SFEL, Part 1 Why Diets Fail You chapter 1
Thursday, December 05, 2019
Chapter 1 – Diets Don’t Work
How does one define “work”?
• For me, a diet works if I lose weight and keep it off
• For a diet company CEO, a diet works if people lose any weight at all for any length of time.
• For obesity researchers – diets work if the test subjects lose slightly more weight than those who are not dieting.
When people do diet there is a tendency to lose weight, (an average of 5 – 15 pounds) the first 4 – 6 months of dieting; no matter what type of diet they may try.
Diets do lead to short term weight loss. How people don’t lose enough weight, meaning they do not reach their goal, and they do not keep it off. Most studies only account for the first 4 to 6 months of the dieting. This is the period where a small amount of weight loss is achieved rather quickly.
The World Health Organization (WHO) uses BMI, using height and weight, to determine weight:
under18.5 =underweight over 25 = overweight over 30 = obese
Originally, the goal of a diet was for you to get to your “ideal weight”. In the 1940s, there was a chart for how much you should weigh based upon your height. There was given a range that was determined for your body frame (small, medium, and large). However, for many, these numbers were unrealistic and in reality, not many were able to achieve their goal.
So, when dieting instead of aiming for that ‘ideal weight’, we are told to lose a certain number of pounds or to lose a percentage of your starting weight. Often because so many we not even able to meet the percentage, the amount of what percentage to lose has been lowered. This then makes it seem like a diet is successful because the participants are able to meet the goal weight which has been lowered several times in order to make it achievable.
There are four weights that we determine when we diet:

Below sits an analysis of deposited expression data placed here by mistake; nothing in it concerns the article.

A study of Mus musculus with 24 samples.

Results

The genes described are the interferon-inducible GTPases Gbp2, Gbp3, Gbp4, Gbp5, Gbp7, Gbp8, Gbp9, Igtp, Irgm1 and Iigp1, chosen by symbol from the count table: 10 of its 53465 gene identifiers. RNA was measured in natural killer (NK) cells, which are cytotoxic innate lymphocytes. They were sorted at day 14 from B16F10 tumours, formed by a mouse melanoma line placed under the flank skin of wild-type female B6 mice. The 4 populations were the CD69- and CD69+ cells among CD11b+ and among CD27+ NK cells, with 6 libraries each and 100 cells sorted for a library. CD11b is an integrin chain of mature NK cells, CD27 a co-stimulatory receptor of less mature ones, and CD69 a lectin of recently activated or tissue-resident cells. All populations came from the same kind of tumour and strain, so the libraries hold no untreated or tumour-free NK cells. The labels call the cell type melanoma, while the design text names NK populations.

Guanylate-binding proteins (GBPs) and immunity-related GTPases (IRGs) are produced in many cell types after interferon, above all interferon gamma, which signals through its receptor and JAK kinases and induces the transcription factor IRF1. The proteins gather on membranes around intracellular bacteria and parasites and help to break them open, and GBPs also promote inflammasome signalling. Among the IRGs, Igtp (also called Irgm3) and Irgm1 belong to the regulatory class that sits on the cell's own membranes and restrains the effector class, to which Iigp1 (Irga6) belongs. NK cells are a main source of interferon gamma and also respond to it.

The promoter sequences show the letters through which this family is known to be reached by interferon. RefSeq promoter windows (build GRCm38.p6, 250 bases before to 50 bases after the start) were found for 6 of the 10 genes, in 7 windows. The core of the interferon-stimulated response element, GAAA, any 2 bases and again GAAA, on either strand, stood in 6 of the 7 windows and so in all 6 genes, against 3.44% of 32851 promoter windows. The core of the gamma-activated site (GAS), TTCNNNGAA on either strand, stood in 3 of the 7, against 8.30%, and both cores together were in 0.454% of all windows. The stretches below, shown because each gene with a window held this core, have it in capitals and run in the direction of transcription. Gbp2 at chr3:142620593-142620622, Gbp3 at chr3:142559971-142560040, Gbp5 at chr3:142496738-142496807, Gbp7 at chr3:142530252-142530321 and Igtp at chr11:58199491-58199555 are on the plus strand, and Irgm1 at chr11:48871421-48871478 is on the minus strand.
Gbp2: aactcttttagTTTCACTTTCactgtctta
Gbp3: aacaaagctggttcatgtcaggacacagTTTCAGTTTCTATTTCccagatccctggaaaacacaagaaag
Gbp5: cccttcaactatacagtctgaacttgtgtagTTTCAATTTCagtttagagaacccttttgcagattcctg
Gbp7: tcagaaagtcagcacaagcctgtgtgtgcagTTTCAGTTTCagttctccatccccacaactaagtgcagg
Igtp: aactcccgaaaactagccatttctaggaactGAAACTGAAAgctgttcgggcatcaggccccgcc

1. Goal weight for the diet
2. Dream weight
3. Acceptable weight - weight you could accept even if you are not happy about it
4. Disappointing weight - not successful in anyway
Have you ever wondered how successful people are at keeping off the weight when they finish a diet? There are reasons why diet representatives do not like to provide information on the effectiveness of the diet either short-term or the number of people who completed the diet:
1. It is too costly and/or difficult to collect information
2. Dieters don’t need this information because they have lots of experience and knowledge of diets.
3. Dieters would be discouraged if they are provided with realistic outcome data.
Flaws in research:
1.People who start and finish studies are not typical dieters. Many who want to join a study are rejected before the study even begins because they need to do a try-out for 30 days first. Many who do make it into the study, do not stay on the diet for the full duration of the study. Often these participants will stay on the diet for 6 – 12 months, and then do not return for follow-up 1 to 2 years later, in other words, they drop out of the study.
2. Most participants are not weighed in person by the researchers at the end of the study. And some participants:
a. Guess what their weight is rather than weigh themselves
b.Have an inaccurate scale
c. Tend to say they weigh less than what they actually do.
3. 20 – 65% of participants went on another diet while the original diet was being studied. This makes it appear the diet was successful, but the participant may have gained weight while doing the study diet, then got frustrated and went on another diet. This would make it appear the first diet was successful, but the weight loss was actually the beginning stage of the second diet when most people actually lose weight when beginning a diet.